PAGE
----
I am bipolar: it doesn't look like what you think it looks like.

Sabrina Cypress

Rage. Anger. Tears. I slammed doors. Shattered glasses in the kitchen. I yelled and screamed at my husband and children, the people whom I loved the most.

It felt like an incredible buildup of pressure that was searching for a release. My pulse would race, I felt like my body wanted to crawl out of my skin and run in a thousand different directions. You know how your instant pot angrily hisses when you turn that pressure release valve? And a part of you is still scared that the whole thing will just blow up in your face? That was me.

Some days it felt like I was living in a constant fight or flight mode, but it was 99% fight. At times it lasted for days until I calmed down, sometimes it would only be a few hours. But during those moments, my sense of reality was so skewed it was unrecognizable. 


For years I thought it was stress. I thought it was because my husband didn’t help around the house enough. I thought it was this, and that, and another thing. It couldn’t possibly be me! I was just another stressed out angry mom. But slowly over time, I began to look back over the destruction my actions had caused, and saw how completely out of proportion my responses were to the actual circumstances.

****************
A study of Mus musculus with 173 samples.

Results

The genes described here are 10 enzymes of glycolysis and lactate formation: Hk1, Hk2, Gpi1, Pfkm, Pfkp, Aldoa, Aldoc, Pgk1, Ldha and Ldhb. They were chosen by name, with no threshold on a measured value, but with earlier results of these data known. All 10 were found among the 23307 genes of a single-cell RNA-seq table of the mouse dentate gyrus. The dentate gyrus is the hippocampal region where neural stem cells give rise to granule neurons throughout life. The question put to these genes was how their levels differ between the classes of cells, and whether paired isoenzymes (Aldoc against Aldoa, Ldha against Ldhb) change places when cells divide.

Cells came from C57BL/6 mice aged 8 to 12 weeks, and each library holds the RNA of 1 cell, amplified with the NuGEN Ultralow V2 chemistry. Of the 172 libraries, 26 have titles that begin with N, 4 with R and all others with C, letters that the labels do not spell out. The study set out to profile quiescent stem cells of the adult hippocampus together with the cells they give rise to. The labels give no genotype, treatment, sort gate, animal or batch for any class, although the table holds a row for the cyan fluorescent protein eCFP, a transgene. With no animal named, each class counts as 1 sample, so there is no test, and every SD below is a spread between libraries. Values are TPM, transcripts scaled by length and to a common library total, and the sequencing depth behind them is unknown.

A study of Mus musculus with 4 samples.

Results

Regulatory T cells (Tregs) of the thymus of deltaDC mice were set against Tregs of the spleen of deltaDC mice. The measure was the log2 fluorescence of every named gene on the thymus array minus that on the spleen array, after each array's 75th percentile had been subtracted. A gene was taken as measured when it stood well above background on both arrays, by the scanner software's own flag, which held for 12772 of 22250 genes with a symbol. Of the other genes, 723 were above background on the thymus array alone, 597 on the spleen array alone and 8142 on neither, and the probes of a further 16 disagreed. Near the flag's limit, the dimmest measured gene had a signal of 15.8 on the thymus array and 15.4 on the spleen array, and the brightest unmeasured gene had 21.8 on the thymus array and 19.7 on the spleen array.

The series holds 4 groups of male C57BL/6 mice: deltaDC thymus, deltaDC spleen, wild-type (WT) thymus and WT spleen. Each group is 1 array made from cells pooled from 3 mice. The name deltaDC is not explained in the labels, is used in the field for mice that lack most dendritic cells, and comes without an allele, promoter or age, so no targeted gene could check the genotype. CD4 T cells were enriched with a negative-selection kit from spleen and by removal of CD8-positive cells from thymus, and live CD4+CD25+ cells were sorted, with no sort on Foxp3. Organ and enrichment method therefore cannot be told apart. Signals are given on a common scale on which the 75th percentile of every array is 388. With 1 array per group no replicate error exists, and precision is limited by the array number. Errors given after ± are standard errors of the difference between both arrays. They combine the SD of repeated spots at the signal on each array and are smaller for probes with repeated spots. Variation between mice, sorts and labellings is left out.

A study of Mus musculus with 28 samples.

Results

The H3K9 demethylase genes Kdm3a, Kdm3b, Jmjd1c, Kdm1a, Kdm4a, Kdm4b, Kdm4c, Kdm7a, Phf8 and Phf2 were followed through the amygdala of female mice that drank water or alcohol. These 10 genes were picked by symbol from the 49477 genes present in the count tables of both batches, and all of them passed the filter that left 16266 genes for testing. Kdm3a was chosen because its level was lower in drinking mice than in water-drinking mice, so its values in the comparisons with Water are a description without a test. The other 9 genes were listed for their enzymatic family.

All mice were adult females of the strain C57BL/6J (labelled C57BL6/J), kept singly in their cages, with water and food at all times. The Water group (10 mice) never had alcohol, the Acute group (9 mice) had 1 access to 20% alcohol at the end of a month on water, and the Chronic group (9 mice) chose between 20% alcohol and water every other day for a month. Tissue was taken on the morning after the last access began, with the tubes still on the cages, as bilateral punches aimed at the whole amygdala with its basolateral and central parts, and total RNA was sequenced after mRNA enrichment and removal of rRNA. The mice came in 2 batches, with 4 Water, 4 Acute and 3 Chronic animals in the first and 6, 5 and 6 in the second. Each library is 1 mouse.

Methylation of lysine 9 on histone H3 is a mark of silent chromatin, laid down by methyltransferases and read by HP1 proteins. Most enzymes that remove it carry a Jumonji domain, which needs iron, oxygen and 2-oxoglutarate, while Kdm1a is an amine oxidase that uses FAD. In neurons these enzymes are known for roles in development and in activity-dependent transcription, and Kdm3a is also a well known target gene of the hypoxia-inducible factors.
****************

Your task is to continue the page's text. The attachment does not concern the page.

There would be times where I thought maybe I should go to therapy, or maybe I should seek medication. But then I would be fine for weeks or months at a time and I would tell myself I was fine, it was just a fluke. I would tell myself if it happens just one more time, then I will go. This cycle repeated over and over for years. Until finally I relented and decided to seek medication.

At age 33 I was diagnosed with bipolar disorder. Specifically, Bipolar II that is rapid cycling and high functioning. I had never even considered this as a plausible diagnosis for myself. 

I am bipolar, and it doesn’t look like what you think it looks like. 

I’ve held a full time job since I was in high school. I have friends and coworkers who see me as a level-headed person who couldn’t possibly get angry at anything. Most of my friends and family still view me this way, and most people in my life do not know about my new diagnosis. 


For many people with bipolar disorder, mania, or hypomania in the case of bipolar II, presents as intense irritability, agitation, and anger. There is no enjoyment in this mania, no euphoric high. In fact, it’s pure Hell. 

With therapy and medication, I am starting to see the light at the end of a very dark tunnel I have been traveling through. It’s difficult to believe I have spent so many years, decades!, living the way I did. I still have some breakthroughs, but I am eons from where I began. 

There is no cure for bipolar disorder; for me it will be managed by a lifetime of medication, and therapy as needed. And I am thankful for every little pill that I swallow.